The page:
Frank says LGBT still have chance in health reform bill

Barney Frank

Barney Frank

News on Capitol Hill Wednesday morning suggested there was little hope for keeping pro-LGBT provisions in the health care reform legislation Congress hopes to pass. But Rep. Barney Frank says he’s still “somewhat optimistic.”

According to The Hill, a newspaper that serves Capitol Hill readers, leaders of the House and Senate decided Tuesday evening to stick with the Senate version of the health care reform bill—the one without any pro-gay provisions—rather than go through a conference committee negotiation to merge the two versions. The paper said the decision was made on Tuesday night in a meeting that included only President Barack Obama, Vice President Joe Biden, House Speaker Nancy Pelosi, and Senate Majority Leader Harry Reid.

Under that scenario, the House would be able to amend the Senate bill and send it back to the Senate for a final vote, but the likelihood of pro-LGBT amendments being accepted onto a bill that has already been ravaged with controversy –over how and whether abortions could be covered and the exclusion of a government-run option for insurance— seems small.

But Rep. Frank says there’s still plenty of room for negotiation with the Senate over the legislation to keep some of the pro-LGBT provisions passed as part of the House bill.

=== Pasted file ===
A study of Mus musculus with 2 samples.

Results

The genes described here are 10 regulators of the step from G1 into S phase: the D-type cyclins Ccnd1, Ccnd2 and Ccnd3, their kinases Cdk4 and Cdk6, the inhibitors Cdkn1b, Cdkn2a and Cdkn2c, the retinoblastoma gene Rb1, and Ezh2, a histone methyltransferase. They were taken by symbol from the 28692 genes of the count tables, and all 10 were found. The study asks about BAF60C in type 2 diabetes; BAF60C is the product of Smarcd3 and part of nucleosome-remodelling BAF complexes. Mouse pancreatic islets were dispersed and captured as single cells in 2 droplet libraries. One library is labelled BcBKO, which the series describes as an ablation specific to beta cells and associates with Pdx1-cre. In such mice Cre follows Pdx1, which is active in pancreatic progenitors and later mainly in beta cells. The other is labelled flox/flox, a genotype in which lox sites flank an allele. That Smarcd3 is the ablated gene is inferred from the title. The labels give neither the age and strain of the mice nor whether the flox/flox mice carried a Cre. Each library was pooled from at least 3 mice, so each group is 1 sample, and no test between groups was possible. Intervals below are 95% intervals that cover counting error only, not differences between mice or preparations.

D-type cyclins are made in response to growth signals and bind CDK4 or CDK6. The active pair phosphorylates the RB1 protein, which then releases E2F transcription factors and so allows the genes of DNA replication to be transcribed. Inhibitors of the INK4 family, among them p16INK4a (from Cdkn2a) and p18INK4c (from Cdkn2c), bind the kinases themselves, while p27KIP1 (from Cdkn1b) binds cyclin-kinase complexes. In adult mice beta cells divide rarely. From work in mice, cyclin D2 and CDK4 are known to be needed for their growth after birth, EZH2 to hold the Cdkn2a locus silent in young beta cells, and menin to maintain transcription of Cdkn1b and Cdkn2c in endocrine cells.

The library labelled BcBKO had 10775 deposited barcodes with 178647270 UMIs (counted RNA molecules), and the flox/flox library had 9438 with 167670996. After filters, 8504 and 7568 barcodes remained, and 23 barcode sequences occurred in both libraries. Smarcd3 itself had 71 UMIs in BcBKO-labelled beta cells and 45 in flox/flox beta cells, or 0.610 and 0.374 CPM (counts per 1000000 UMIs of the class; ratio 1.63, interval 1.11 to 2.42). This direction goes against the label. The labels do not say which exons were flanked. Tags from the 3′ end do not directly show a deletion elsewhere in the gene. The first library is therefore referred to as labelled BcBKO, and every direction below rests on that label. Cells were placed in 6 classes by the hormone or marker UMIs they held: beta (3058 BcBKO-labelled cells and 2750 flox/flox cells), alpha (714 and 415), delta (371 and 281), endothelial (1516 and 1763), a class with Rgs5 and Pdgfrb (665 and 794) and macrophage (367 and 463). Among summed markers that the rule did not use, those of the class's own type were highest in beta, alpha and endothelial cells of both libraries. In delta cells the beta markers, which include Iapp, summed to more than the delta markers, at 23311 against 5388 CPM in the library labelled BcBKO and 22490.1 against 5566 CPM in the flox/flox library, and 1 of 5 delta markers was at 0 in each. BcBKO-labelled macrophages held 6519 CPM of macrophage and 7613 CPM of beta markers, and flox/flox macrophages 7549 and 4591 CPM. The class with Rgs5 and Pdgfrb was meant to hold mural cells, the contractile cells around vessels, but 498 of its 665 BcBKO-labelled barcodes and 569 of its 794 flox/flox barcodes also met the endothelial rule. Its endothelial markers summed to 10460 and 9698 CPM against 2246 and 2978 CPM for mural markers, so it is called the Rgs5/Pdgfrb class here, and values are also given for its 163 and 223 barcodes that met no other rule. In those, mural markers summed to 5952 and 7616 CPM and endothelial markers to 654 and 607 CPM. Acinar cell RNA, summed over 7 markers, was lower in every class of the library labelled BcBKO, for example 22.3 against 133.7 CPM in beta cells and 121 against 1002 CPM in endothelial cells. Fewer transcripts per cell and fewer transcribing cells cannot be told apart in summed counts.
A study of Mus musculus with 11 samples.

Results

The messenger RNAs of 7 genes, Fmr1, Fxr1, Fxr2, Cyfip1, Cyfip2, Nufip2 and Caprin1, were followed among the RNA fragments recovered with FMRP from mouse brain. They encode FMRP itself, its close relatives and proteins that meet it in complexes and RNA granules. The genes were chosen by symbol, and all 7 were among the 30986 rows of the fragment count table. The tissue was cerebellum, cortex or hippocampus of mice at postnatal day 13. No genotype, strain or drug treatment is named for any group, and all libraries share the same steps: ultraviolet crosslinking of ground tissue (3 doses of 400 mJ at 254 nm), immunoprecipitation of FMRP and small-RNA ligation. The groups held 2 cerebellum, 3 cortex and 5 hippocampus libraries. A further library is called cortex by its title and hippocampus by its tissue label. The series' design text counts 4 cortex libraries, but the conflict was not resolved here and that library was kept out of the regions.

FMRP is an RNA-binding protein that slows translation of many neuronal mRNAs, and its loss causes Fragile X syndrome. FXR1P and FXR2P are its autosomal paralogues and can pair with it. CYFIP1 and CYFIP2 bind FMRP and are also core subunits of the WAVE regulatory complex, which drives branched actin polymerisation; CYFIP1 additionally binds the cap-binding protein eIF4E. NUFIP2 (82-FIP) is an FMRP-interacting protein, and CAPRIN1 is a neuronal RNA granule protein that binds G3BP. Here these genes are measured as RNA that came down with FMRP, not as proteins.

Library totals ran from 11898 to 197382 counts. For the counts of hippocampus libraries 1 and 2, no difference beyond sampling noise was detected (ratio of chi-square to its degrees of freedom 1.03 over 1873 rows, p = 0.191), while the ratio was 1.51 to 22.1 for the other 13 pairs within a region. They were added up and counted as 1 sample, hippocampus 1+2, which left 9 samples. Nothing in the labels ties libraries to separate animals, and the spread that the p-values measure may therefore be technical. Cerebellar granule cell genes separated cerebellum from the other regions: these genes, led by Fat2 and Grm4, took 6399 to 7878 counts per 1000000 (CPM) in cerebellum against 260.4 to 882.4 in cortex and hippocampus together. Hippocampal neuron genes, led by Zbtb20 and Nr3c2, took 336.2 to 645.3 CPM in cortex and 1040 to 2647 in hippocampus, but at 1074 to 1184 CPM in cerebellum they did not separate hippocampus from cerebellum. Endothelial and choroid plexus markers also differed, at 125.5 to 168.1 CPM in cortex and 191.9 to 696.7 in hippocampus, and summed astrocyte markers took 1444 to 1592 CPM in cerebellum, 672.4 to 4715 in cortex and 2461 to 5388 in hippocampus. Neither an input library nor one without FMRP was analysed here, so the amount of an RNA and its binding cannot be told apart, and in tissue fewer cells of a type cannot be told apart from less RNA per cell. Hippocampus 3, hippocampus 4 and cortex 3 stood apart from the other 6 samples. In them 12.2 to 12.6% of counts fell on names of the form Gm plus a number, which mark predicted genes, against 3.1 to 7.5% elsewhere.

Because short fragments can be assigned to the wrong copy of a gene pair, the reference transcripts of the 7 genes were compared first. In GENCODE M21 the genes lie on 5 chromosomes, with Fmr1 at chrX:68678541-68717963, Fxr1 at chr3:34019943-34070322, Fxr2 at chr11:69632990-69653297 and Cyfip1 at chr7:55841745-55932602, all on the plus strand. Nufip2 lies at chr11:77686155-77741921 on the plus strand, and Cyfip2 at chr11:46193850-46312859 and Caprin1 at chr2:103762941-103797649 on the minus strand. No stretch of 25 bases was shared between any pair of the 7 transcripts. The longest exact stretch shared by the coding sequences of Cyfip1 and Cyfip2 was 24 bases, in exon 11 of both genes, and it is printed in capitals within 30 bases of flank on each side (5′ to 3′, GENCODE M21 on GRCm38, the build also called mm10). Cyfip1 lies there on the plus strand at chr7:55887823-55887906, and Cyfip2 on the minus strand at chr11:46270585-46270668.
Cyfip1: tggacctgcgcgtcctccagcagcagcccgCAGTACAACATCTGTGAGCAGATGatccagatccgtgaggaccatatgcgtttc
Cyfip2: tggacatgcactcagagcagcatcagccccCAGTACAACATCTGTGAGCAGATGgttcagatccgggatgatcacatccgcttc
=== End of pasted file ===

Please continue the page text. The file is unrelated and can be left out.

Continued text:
“There will still be negotiation between the House and the Senate over what’s in the bill,” said Frank, adding that, because the House will apparently have to make some concessions on major issues, it may have some leverage to keep the pro-LGBT provisions.

Meanwhile, Republicans are reportedly still trying to kill the bill, whatever form it takes, by persuading conservative Democrats to vote against it. Frank says it will be important for LGBT people and their supporters to lobby these conservative Democrats to continue supporting the legislation.

The vote margins in both the House and the Senate were very narrow on initial passage, leaving the effort to pass a bill without a conference fight a still uncertain future. In addition, legal challenges are brewing over enticements that were added to the Senate bill in order to win enough votes for passage there.

Rep. Tammy Baldwin (D-Wisc.), an openly gay representative and strong advocate for both health care and LGBT civil rights, did not respond to a request for comment on the status of the overall bill and the pro-gay amendments she helped champion. Among them were ending the current tax inequity for gay employees who cover their partners or spouses on their work health insurance coverage, prohibiting discrimination in health care based on “personal characteristics,” and launching studies to end health disparities for people based on their sexual orientation and gender identity.

The Human Rights Campaign, in response to a request for comment, issued this statement suggesting it is not yet giving up:

“The decision to forgo a traditional conference does not change the fact that the negotiations between House and Senate leadership to complete health care reform will undoubtedly be complex and difficult on a range of issues. We will continue to strongly push the congressional leadership to ensure that critical protections for LGBT people included in the House-passed bill are part of the final measure.”